FILE - MINUSMA peacekeepers stand guard in front of the governor's office in Kidal, Mali.

An attack on government officials visiting the city of Kidal in northern Mali risks renewing a bitter conflict that tore the West African nation apart in 2012.

An attack on government officials visiting the city of Kidal in northern Mali risks renewing a bitter conflict that tore the West African nation apart in 2012. The United States condemns the violence, which undermines the peace process there and efforts to bring security and development to all of Mali’s citizens.

Malian Prime Minister Moussa Mara had traveled to Kidal on May 17 when fighters from the separatist Tuareg group the National Movement for the Liberation of Azawad, known by its French initials as the MNLA, seized the governor’s office there, killing at least 36 people, including eight Malian soldiers, and injuring civilians and United Nations peacekeepers. The MNLA fighters also took approximately 30 low-ranking government officials hostage, but they have since been released. Prime Minister Mara was uninjured and has now returned to the Malian capital Bamako.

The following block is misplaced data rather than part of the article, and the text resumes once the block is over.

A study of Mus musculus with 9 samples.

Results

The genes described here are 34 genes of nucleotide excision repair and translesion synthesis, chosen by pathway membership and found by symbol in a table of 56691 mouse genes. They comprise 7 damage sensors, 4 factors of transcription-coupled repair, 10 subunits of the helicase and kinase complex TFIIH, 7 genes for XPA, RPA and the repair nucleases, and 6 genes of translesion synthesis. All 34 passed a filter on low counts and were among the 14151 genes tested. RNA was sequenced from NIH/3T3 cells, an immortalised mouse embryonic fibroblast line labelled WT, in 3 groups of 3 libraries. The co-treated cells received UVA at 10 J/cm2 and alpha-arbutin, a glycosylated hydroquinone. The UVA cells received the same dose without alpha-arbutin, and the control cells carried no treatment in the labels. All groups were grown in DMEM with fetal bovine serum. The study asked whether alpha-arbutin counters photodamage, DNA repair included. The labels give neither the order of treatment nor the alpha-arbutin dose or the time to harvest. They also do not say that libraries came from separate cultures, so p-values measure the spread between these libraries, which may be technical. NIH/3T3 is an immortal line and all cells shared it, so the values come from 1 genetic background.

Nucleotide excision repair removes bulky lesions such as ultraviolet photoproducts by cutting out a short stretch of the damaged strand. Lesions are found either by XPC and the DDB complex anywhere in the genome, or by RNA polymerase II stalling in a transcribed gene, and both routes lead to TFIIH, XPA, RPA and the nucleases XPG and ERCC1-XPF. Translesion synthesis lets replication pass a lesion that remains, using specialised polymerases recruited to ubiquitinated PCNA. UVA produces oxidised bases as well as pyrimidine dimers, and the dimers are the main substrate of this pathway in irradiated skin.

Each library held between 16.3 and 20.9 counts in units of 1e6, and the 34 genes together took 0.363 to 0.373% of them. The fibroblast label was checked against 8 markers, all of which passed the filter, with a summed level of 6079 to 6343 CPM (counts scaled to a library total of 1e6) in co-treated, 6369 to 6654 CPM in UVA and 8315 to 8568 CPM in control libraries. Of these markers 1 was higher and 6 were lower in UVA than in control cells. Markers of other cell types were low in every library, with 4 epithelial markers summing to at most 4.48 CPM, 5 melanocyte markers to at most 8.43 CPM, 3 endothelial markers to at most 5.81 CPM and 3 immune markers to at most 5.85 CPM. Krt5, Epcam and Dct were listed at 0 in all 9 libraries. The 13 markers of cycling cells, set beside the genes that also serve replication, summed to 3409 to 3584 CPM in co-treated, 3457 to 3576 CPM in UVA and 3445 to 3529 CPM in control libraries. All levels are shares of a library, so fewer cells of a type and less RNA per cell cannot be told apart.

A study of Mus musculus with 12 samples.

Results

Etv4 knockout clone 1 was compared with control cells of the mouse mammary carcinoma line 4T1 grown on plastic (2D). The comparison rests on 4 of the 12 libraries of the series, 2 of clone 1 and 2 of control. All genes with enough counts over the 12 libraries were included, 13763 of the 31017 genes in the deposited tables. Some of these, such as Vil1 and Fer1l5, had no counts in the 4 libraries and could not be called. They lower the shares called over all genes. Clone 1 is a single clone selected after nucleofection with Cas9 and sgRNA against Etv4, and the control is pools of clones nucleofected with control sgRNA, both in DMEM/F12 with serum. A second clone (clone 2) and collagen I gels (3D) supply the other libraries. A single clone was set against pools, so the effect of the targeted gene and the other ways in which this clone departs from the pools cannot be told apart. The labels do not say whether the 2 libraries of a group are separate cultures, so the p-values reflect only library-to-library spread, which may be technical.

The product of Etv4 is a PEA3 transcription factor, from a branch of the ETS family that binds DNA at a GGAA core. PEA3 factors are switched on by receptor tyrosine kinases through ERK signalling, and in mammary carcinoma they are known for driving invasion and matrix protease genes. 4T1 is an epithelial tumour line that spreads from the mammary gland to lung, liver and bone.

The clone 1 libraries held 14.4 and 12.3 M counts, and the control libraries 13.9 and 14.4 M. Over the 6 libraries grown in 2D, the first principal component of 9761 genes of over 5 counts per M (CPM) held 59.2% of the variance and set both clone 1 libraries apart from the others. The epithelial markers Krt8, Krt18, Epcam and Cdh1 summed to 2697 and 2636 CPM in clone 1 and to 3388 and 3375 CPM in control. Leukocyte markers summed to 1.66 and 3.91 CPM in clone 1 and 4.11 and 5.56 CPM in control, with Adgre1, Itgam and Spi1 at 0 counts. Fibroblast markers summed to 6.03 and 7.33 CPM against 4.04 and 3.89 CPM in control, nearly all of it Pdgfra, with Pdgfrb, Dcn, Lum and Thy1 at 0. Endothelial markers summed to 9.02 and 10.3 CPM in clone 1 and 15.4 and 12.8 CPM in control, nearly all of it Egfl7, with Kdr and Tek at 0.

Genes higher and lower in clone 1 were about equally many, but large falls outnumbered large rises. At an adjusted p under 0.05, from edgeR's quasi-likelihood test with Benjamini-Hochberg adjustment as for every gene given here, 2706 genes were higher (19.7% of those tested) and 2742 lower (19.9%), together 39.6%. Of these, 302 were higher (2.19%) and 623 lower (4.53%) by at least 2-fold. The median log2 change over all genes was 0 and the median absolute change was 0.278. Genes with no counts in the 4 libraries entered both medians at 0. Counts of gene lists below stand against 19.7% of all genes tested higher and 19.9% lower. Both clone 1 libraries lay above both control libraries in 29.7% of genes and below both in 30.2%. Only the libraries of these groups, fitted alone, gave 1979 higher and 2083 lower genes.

Under an agreement struck last year, Mali’s government and separatist groups agreed to hold talks to establish a sustainable peace in the north. The negotiations have stalled, however, as both government troops and rebel soldiers have maintained a presence in Kidal, a stronghold for the MNLA.

The United States calls on the MNLA to return the governor’s residence, respect a cease fire and urges all parties to refrain from further violence and any acts that place civilians at risk. For its part, the government should step up efforts on reconciliation that to date have lacked focus and energy. In addition, we encourage all parties to exercise restraint and to advance negotiations in order to establish a durable peace for all Malians.